Home buyers on a budget may find lenders willing to give credit for renos
Canadian Press: David Paddon
TORONTO (CP) – House shoppers on a tight budget may be faced with the realization that the only properties that they can afford are, to put it gently, something only the Munsters could love – dirty, broken and dismally out-of-date.
With a little bit of sprucing up, however, that fixer upper can become not only a comfortable place to live but a more valuable asset.
With this type of mortgage, a lender is willing to take into account the improvements made by the new owner and give credit based on the increased value of the property, up to 10% of the purchase price.
For example, a house that costs $200,000 to buy would be eligible for a mortgage based on a property valued at up to $220,000 – provided the borrower meets the right criteria.
Rob Regan-Pollock, an independent Invis mortgage broker in Vancouver, says this is an option that may appeal for buyers shopping for a first home – especially in a hot real estate market where modestly priced houses get snapped up quickly.
“If they like the location and the property has good bones, they can take the 10% additional value that the purchase-plus-improvement plans allows, so that they can put in cosmetic renovations,” Regan-Pollock says.
By cosmetic, Regan-Pollock means paint, new carpeting, perhaps new bathroom fixtures or kitchen cabinetry rather than a major job that entails structural changes.
“Basically spruce it up so they feel like they’re getting a customized living arrangement, without having to find a new home per se.”
Mortgage planners or mortgage brokers can help consumers’ comfort level and explore the different financing options available to them.
There are five factors that lenders look at when determining how much a consumer can borrow for their mortgage: the income of applicants, their credit history, the amount of down payment available, their net worth and the type of home they’re buying.
The fifth point provides the lender with security if, for some reason, the borrower defaults and the property must be sold to cover the debt.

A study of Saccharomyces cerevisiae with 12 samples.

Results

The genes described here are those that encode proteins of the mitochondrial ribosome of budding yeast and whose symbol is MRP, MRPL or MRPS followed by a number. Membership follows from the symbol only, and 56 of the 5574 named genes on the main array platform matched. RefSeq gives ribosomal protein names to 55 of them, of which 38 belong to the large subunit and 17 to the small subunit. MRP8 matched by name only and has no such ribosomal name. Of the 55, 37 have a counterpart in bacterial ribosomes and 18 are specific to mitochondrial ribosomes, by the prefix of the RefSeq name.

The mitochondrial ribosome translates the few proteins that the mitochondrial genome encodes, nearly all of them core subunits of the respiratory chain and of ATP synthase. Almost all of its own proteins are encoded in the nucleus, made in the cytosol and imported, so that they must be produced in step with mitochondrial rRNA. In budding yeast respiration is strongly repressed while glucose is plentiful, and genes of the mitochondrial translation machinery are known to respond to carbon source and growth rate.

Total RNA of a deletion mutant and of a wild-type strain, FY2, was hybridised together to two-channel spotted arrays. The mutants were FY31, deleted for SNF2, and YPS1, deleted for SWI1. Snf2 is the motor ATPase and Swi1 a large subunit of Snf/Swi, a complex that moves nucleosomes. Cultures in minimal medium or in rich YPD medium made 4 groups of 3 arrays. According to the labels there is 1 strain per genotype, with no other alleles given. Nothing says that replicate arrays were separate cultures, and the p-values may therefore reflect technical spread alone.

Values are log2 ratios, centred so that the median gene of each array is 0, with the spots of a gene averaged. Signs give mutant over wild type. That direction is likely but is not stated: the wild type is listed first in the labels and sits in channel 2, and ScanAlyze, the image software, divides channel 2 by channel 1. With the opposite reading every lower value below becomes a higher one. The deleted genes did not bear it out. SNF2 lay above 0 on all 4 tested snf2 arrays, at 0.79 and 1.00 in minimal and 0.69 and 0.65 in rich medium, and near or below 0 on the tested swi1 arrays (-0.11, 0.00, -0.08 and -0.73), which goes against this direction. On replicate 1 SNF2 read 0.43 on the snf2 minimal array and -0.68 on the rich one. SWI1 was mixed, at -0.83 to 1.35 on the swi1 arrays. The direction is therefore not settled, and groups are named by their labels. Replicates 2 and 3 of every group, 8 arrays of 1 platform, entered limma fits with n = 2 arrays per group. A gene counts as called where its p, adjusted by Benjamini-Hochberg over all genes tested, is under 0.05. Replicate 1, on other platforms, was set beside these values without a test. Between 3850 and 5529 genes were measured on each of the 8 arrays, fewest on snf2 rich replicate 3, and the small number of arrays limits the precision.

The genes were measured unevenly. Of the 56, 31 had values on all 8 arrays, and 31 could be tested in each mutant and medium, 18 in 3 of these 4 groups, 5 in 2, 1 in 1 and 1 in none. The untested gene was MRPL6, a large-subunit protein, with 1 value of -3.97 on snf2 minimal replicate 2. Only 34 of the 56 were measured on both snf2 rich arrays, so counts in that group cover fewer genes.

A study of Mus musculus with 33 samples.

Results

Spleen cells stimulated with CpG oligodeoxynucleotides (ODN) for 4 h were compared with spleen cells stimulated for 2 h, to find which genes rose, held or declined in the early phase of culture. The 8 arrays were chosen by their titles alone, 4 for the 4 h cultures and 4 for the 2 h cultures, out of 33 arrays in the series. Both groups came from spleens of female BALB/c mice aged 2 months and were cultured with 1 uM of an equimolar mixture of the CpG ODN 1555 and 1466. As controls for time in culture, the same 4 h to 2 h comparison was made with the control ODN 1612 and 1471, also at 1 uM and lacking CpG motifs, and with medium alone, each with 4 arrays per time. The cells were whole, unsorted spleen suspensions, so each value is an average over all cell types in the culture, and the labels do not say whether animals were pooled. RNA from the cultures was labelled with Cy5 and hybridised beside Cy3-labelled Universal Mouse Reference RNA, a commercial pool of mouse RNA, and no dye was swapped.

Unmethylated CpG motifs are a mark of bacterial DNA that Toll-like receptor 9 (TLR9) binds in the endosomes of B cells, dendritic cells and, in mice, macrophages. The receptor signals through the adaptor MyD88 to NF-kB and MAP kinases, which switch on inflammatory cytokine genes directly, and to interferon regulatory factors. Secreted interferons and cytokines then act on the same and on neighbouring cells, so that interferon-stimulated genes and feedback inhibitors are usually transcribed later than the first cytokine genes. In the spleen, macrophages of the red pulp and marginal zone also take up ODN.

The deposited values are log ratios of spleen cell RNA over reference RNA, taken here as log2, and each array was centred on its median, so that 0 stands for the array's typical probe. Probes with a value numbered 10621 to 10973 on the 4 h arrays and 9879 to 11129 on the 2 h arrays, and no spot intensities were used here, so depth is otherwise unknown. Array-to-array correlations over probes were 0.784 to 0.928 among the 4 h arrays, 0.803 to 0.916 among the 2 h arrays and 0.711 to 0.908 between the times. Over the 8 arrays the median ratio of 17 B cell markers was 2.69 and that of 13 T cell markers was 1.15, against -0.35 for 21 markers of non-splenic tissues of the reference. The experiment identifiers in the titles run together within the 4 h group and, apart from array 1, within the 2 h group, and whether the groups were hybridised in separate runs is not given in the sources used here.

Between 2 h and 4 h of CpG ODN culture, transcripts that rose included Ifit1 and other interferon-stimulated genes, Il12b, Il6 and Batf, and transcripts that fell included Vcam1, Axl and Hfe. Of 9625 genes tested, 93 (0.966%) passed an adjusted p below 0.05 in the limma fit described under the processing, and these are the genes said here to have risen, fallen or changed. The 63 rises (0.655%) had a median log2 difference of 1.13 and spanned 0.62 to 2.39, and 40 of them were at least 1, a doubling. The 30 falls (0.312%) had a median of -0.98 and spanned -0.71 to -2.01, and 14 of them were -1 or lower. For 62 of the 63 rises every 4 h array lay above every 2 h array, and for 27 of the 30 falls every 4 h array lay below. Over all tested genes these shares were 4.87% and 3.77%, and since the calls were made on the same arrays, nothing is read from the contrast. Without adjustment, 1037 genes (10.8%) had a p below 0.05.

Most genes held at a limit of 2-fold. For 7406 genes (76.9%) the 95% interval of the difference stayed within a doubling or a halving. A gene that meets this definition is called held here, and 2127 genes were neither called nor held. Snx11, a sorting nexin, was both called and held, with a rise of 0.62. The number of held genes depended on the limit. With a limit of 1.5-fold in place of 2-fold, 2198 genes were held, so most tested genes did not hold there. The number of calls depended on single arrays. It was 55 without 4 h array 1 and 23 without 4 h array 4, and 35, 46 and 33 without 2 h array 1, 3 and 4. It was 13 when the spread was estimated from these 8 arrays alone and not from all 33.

“So, if push comes to shove and they have to foreclose, how marketable is that property?” Regan-Pollock says.
With the purchase plus improvement type of mortgage, the lender recognizes that the marketability or resale value of the house can be increased by making a few well-chosen renovations.
In other words, prove to the lender’s satisfaction with documentation and an inspection that you’ve spent $20,000 to renovate that $200,000 house and the size of the mortgage can be increased proportionately.
“That’s the nice thing. They’re willing to do dollar-for-dollar on the improvement that you’re planning to put into the property,” Regan-Pollock says.
But there are a few catches.
For instance, no matter how you slice it, the buyer is taking on a heavier debt load and that can have repercussions for the fees they must pay and the amount that lenders will provide towards the purchase.
Buyers who can’t afford a down payment equal to at least 25% of the purchase price must pay for mortgage insurance, available through Canada Mortgage and Housing Corp., which is a federal Crown corporation, and Genworth Financial Canada, a private-sector alternative.
These insurers protect the lenders, such as banks and trust companies, from the impact of borrowers that default on the mortgage payments. In turn, the insurers charge consumers an upfront fee or premium when they close their purchase.
However, a smaller downpayment could also bump up the amount the buyer must spend on the mortgage insurance premium.
Regan-Pollock suggests that buyers get a pre-approved mortgage before putting an offer on a house, so they know how much they can afford.
Another hurdle that buyers should note when it comes to a purchase plus improvement mortgage is that the mortgage lenders don’t provide the fix-up money up front.
“They’ll basically refund it to the client after the renos are done.”
For buyers with limited financial resources of their own, that can also be a challenge, Regan-Pollock admits.
Sometimes that means getting a helping hand from family, who can pay some of the upfront costs.
In other cases, home improvement retailers or contractors might be willing to extend credit and provide time for the home owners to pay for the materials or work supplied by them.
“Those actually fit quite nicely within the program,” Regan-Pollock said.
As long as the contractors or the retailers do the work quickly and efficiently “we can then get the inspector in at the end to verify the work was done, as outlined, and the bank will then release the money to the consumer who can then pay off Home Depot, or Rona or the contractor or their parents.”